Effect of the Tax Cuts & Jobs Act on R&D Credit & Expenses
January 17, 2018
On December 22, 2017 President Trump signed “The Tax Cuts and Jobs Act” into law and the law’s major push reduces tax rates. Interestingly, the law leaves the credit for research and development relatively intact. With the reduction in rates, any credit becomes more valuable. With the rate reduction, credits, including this popular research and development credit, effectively cover more taxable income. The law institutes a few changes for the research and development deductions and a related credit, the Orphan Drug Credit has been cut in half. The following posts shares more information on both credits.
Amortization of Research and Experimental Expenditures
Under previous law, taxpayers could elect to expense reasonable research and development expenses paid in connection with a trade or business in the year they were occurred. Alternatively, taxpayers could capitalize these research expenses and amortize them over the useful life of the research, but no less than 60 months. These rules stay in place until tax years beginning after December 31, 2021.
Under the Tax Cuts and Jobs Act, expenses incurred in tax years beginning after December 31, 2021, “specified Research & Experimentation expenditures” must be capitalized and amortized over a 5 year period (15 years in the case of expenditures for activities performed outside of the U.S.). Amortization of these capitalized expenditures begins at the midpoint of the tax year in which the specified R&D expenses were incurred or paid.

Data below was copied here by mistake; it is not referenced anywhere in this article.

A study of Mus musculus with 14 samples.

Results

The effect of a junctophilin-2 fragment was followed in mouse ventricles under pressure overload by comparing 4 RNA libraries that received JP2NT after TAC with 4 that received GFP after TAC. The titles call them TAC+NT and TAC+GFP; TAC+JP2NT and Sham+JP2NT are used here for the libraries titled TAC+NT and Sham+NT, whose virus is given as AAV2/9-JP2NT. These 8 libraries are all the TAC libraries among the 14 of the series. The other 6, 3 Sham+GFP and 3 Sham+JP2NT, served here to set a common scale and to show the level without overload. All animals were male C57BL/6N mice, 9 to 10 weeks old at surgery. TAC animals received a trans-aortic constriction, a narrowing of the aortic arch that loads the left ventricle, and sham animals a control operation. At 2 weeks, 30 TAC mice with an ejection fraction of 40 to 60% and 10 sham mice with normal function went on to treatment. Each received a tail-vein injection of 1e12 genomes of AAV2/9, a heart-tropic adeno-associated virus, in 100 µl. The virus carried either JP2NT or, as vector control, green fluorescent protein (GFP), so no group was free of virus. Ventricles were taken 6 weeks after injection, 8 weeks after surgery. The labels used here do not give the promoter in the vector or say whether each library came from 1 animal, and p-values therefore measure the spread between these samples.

Under the new law, “specified R&E expenses” include expenses for software development. Expenses for land, depreciation property, and depletion property used in the course of research and experimentation are not included, however the depreciation and depletion expenses associated with such property are includible. If a project is abandoned before the end of the amortization period, the remaining unamortized basis of the R&E expenditures may not be recovered during disposal, retirement, or abandonment; the basis continues to be amortized over the remaining amortization period.
Orphan Drug Credit
Under the previous law, the Orphan Drug Credit provided pharmaceutical manufactures a credit of 50% of Research and Development expenditures associated with drugs that have been approved by the Food and Drug Administration for testing but not yet been approved for sale. Under the new law, the orphan drug credit is limited to 25% of R&D expenditures incurred or paid in tax years beginning after December 31, 2017.
Before making any final decisions, we always recommend that you consult with your tax advisor to review options based on your situation. Please contact us if you have any questions as you navigate 2018 tax planning.